Cynthia Carroll, chief executive of London-based mining group Anglo American, announced today that she is resigning from the company.
Shareholders, particularly two of the conglomerate’s largest investors – fund manager BlackRock and South Africa’s Public Investment Corporation (PIC) – have grown increasing dissatisfied with Carroll’s strategic choices and are concerned with labor unrest at the company’s South African operations, the Financial Times reported.
Recently, South African workers held strikes at Anglo’s platinum mines near Rustenburg, Union and Amandelbult, slowing output; the company just this week announced production there would not meet expectations for 2012, the New York Times reported.
Since Carroll became CEO, Anglo shares have fallen by about one-quarter, the New York Times reported.
In a statement, PIC blamed Anglo’s underperformance compared with its competitors on its “capital allocation, poor project management and poor operational performance,” the Financial Times reported. These issues “rest squarely on the CEO’s shoulders, as the custodian of the company’s strategy,” the statement added.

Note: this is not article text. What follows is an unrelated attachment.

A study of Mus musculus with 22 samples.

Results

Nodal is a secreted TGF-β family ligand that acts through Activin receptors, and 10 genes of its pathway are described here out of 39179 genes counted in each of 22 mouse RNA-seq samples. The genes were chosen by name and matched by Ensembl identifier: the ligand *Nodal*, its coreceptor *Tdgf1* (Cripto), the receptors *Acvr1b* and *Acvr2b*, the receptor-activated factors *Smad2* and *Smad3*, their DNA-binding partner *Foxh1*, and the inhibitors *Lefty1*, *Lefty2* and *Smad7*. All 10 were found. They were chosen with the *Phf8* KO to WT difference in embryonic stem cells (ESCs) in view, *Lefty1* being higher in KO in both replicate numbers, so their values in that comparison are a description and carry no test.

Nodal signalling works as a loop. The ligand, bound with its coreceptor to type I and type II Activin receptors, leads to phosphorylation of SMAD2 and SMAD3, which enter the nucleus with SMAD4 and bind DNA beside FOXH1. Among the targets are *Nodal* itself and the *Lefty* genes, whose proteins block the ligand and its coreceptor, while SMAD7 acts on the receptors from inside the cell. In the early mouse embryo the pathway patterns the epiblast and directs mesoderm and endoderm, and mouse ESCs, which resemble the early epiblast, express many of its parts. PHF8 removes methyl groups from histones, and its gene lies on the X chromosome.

But others defend Carroll, the Financial Times noted. “The old male guard have never really taken to her,” a top-20 investor told the Financial Times, adding that the strikes in South Africa and a dispute with Chilean state mining company Codelco were “good excuses to get rid of her.”
According to the New York Times:
Analysts generally gave Ms. Carroll good marks for running a complex multinational at a difficult time, noting that she had successfully carried out a major restructuring and cut Anglo American's work force to 100,000 from 150,000.
Carroll became the first woman and the first non-South African to head the mining company when she stepped into its top spot in March 2007, the New York Times reported. Her departure leaves just two women – Alison Cooper, head of Imperial Tobacco, and Angela Ahrendts, head of the Burberry Group – atop FTSE 100 companies.
Carroll said she would stay on as CEO until her replacement is found, a process that could stretch well into 2013, the Financial Times reported.